Lightning can strike year-round, but spring and summer are peak seasons for electrical storms. Although your risk of being struck is low, it is something to take seriously. The National Weather Service (NWS) reports an average of 55 human deaths per year from lightning, but hundreds more are permanently injured, with neural and physical issues including attention deficits and memory loss, sleep disorders, dizziness, muscle spasms, numbness and chronic pain.
Check the forecast before heading out to ride or work outside, especially if you'll be far from shelter, and reschedule your plans for another day if storms are predicted.
If an unexpected storm approaches while you're outside, head for shelter as soon as you notice the sky darken, see lightning or hear thunder, even if it's distant. Lightning can strike as far as six to 10 miles away from the base of the storm cloud. The best shelters are inside a building or an enclosed, hard-topped vehicle. The NWS defines a safe building as one that has four walls and a floor. Remember that electricity can radiate outward through the ground near a strike, so a dirt-floored shed or riding arena may not protect you.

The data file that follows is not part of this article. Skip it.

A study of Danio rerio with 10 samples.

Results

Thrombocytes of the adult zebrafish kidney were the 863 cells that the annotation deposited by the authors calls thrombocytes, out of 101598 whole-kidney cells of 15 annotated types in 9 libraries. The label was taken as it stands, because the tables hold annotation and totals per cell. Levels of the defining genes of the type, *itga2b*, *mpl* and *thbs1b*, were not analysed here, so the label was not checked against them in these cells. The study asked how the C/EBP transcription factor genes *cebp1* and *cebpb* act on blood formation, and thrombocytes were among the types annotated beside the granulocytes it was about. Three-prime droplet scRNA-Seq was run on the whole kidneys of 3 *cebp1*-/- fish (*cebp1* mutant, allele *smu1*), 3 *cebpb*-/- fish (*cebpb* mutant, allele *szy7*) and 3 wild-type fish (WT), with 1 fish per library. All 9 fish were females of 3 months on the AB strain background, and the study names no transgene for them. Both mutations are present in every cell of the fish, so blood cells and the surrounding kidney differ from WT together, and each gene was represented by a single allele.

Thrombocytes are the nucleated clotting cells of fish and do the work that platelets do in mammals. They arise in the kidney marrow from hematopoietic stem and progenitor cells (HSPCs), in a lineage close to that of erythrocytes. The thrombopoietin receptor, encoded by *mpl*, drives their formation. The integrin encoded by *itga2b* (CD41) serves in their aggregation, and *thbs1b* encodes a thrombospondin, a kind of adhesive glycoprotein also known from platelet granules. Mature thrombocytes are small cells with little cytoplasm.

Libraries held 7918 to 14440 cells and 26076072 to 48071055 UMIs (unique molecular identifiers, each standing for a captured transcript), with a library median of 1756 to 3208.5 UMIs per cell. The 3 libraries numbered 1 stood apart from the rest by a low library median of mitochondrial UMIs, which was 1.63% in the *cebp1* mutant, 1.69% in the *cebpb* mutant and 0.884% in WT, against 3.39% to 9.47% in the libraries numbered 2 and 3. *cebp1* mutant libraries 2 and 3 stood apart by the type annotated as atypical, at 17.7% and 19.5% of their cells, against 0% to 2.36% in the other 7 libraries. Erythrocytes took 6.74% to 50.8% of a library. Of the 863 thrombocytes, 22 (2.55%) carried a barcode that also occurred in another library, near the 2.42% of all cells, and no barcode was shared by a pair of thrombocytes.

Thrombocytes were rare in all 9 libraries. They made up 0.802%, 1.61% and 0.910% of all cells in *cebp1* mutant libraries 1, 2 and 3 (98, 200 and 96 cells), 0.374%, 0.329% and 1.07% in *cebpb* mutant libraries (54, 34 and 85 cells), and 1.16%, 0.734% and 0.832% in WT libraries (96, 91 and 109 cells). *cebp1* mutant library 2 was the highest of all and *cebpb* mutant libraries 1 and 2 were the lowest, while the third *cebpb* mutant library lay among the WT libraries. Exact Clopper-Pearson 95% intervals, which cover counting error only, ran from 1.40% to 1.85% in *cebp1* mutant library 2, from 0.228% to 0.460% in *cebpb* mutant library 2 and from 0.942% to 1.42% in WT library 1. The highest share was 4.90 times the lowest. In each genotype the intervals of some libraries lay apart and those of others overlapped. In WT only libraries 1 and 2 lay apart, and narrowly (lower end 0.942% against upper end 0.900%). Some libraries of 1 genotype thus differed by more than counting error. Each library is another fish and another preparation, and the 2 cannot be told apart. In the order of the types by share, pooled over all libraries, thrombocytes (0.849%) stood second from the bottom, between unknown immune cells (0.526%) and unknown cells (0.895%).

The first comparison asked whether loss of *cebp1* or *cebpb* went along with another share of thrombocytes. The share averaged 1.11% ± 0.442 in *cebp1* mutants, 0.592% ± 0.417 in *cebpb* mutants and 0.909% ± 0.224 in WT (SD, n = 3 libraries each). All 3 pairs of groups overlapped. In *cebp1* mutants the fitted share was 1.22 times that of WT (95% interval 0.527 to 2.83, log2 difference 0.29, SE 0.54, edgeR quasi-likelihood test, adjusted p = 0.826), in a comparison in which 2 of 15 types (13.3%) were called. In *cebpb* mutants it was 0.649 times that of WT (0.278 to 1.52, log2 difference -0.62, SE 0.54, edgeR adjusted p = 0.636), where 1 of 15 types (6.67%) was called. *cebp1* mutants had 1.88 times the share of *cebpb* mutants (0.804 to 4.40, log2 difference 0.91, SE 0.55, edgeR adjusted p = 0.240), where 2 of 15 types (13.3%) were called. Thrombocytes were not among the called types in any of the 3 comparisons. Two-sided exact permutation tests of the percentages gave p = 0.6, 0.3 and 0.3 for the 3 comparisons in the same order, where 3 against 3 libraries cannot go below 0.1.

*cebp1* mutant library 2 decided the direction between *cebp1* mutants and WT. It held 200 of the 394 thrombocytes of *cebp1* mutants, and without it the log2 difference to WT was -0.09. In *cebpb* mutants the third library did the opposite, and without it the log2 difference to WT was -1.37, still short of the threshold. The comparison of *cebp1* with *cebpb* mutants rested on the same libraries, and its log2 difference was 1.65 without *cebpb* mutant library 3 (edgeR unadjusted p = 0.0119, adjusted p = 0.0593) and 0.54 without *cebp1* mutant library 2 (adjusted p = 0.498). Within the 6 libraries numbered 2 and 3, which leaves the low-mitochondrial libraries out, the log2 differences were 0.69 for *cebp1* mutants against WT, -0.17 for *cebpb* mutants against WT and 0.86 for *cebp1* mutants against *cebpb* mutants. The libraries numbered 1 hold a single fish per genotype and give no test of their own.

If you're out on horseback and can't get to a barn, move down from high ground. Steer clear of tall, isolated trees and take shelter if you can among a stand of smaller trees that are roughly similar in height. Stay well away from metal fences, open water or utility poles, all of which tend to attract lightning and can carry the force of a strike over long distances.
If you're with a group of riders, spread out away from each other to limit the risk of everyone being injured at once. If your horse becomes unmanageable and dangerous because of the storm, let him go and seek shelter on foot. Do not lie or crouch on the ground, however; that may increase your risk of injury from dangerous ground currents.
The NWS recommends remaining in your shelter for at least 30 minutes after the last sound of thunder.